It can be surprising to find that hair has a history of discrimination. In many outdated workplace dress codes, it is thought that there are appropriate ways to wear your hair – especially when it comes to the natural hair of people of color or traditional styles, like braids and knots.
Many jobs may hold people of color’s natural hair against them with racist, stereotypical biases. This may force many Black individuals to damage their hair with straighteners, heat and other chemicals to fit into their workplace. But, new workplace discrimination rules have changed the views of natural hair.
Here’s what you should know:
The Crown Act gave protection to many
On July 3rd, 2019, the Crown Act was signed into law as Chapter 58, SB 188, and took effect on January 1st, 2020. This new law intends to reduce discrimination against natural hair or hairstyles – making workplaces more open to diversity.
If you have curly hair, twists, dreads, braids, cornrows, fades, afros or any culturally associated hairstyle, then you would be protected under the Crown Act.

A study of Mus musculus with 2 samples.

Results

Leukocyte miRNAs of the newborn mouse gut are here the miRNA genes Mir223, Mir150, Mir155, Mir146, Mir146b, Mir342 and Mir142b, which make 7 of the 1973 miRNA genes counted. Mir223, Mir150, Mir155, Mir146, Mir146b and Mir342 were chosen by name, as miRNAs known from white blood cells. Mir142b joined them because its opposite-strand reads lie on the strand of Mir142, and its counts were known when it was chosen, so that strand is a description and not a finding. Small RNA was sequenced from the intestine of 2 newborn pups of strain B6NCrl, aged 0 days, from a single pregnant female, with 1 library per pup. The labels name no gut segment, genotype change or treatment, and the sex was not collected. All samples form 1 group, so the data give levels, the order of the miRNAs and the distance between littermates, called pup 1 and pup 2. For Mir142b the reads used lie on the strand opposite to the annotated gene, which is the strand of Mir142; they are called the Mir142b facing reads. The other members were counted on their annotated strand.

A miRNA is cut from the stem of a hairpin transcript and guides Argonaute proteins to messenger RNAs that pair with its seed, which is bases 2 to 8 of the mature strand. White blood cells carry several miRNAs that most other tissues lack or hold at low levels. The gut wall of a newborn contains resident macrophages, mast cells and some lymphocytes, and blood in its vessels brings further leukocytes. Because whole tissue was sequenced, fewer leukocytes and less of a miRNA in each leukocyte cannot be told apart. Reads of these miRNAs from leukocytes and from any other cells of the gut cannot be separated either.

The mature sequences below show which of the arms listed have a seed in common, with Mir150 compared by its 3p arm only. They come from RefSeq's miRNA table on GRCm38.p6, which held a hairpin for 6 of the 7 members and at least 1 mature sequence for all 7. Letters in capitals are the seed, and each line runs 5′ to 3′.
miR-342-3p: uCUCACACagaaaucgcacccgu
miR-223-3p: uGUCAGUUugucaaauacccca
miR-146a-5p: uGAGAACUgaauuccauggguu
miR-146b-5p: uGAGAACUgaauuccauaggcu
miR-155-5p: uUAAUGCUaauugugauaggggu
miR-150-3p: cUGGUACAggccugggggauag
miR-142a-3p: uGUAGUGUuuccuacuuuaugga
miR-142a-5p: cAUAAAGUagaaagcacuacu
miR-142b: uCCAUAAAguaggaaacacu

Workplace discrimination can still happen
New laws don’t change people’s workplace beliefs overnight. You may encounter an employer who still believes it is in their right to control how your hair is styled.
This could cause employer retaliation and discrimination against you because of the way your wear your hair, your traditional clothing or your cultural beliefs. Employers may try to:
- Reduce your salary
- Harass you during and outside of work
- Reassign your position
- Reduce your responsibilities
- Deny a promotion
- Create negative (and false) performance reviews
If an employer believes they should decide how you should look and behave, then you may need to remind them of your employee rights.
You may need to know your options if you are facing retaliation, harassment or discrimination at your place of work. It’s always in the best interest of everyone to make workplaces a safer, friendlier environment.